These diagrams and illustrations have been designed to help you learn, memorise and recall key information.


An excellent source of vascularised bone with a skin paddle.

Bilateral fibular harvest can be performed with minimal additional morbidity.

Great toe flexion weakness or contracture can be a problem.

Ankle instability or discomfort esp on vigarous exercise can also be a problem.



Mathes & Nahai classifies this as a type 5 flap.



An osteoseptocutaneous flap (however, it is possible to include muscle with the flap eg soleus).



Artery: Peroneal Artery (1.5 - 4mm) Vein(s): 2 Venae of the artery

- Branch of the posterior tibial artery (arising 2.5cm from it’s origin).

- Supplies the fibula via medullary & segmental periosteal vessels.

- Note that the bone flap remains viable despite osteotomy so long as the periosteal system remains intact.

- Terminates as lat. calcaneal art. + perforating branch (penetrates interosseus septum into ant. comp.).

- Sizable (2-3-mm diameter) and lengthy (up to 15 cm) pedicle.

- Artery runs beneath FHL attachment postero-medial to the fibula in post. compartment.

- Gives off muscle branches to flexor digitorum longus FDL and tibialis posterior (TP).

- Septocutaneous perforators (~4) run in the septum btwn peroneus longus & soleus.

- Perforating branches my run through soleus necessitating intramuscular dissection.

- This posterior crural septum is located at the posterolateral fibula edge.

- The perforators are concentrated at the junction of the middle & distal thirds of the leg.

- Nutrient branch enters fibula at junction of upper & middle third, giving ascending & descending branches.



Reliable, thin, pliable, and sizeable. For mandibular recon it can restore intraoral and/or extraoral soft-tissue defects of almost any configuration with respect to the bone.

22-25cm long. 10-14cm wide (~5cm wide can usually be closed directly).



22-26cm of length in an adult. Triangular in cross-section.

The head of the fibula does not take part in the knee joint.

It does however articulate with the lateral condyle of the tibia.

The fibular shaft is palpable laterally, somewhat protected by the lateral compartment.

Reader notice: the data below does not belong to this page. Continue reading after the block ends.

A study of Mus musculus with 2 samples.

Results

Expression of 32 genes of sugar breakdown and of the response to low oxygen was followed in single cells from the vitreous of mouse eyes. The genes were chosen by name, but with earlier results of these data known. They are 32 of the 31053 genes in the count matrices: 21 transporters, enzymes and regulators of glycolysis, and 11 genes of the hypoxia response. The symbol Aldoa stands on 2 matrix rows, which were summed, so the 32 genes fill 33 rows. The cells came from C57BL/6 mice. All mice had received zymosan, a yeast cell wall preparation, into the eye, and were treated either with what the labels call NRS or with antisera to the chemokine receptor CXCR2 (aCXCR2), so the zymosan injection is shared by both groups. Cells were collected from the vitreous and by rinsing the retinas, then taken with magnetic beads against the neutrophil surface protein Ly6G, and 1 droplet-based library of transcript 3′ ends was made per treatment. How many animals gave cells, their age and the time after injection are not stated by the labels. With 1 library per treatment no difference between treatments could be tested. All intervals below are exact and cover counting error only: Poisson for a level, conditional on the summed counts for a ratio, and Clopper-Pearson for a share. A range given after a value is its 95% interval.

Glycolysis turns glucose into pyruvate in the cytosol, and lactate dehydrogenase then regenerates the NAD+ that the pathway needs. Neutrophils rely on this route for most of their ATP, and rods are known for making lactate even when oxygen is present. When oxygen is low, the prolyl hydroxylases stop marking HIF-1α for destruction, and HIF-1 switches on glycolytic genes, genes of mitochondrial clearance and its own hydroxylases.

The distal fibula forms the lateral malleolus and articulates medially with the talus.






Mandibular reconstruction (either single or double barrelled).

Osseointegrated implants can be used to enable complete dental rehabiliation.

Segmental long bone defects. Can bridge 22cm. Straight & tubular - gd for weight bearing.



I would arrange a pre-op CT angiogram to assess the vascular anatomy of the leg.

I am aware however that the value of pre-op CT angiogram is debated.

If pre-op CT angiogram is not performed then one must be especially cautious when dividing the peroneal artery.          

Some patient have a peroneum magna (dominant peroneal artery).

I select the appropriate fibula (left/right) carefully.

Left is better for driving needs & for “right-footed” patients.

I always use a skin paddle (for monitoring) and design this paddle based on the lateral perforators.

These are located pre-op along the posterolateral fibular with a doppler.

Often there is a good perforator at the distal-middle third junction.

A paddle of up to 14x25cm can be reliably based on 1 or 2 perforators.

I leave 8cm fibula proximally (distal to common peroneal nerve).

This also serves to preserve knee stability.

Note also that the more distal this osteotomy the longer the pedicle will be.

I leave 6cm fibula distally - preserves ankle stability.

I raise the paddle from anterior to posterior.

- suprafacially over the peroneal tendons (facilitates grafting).

- then subfascial to identify the vessels.

I raise the muscle off the bone anteriorly (leaving periosteum).

The periosteum must be left to preserve blood supply to the bone.

I visualise the anterior tibial vessels. It is reassuring to see them.

If absent I clamp the peroneal to check distal perfusion prior to division.

Note:- In 10% the perforators are said to arise from the post tibial not the peroneal !

In which case the paddle will not survive so there is not point using it.

I preserve the sural nerve posteriorly.

I perform the distal osteotomy first,

the proximal one second and then divide

the interosseous membrane last.

I ligate the peroneal vessels distally where they emerge from the under FHL (flexor hallucis longus).

Proximally, I free the bone preserving the pedicle.

When closing the donor site I avoid excessively tight closure as this can cause compartment syndrome.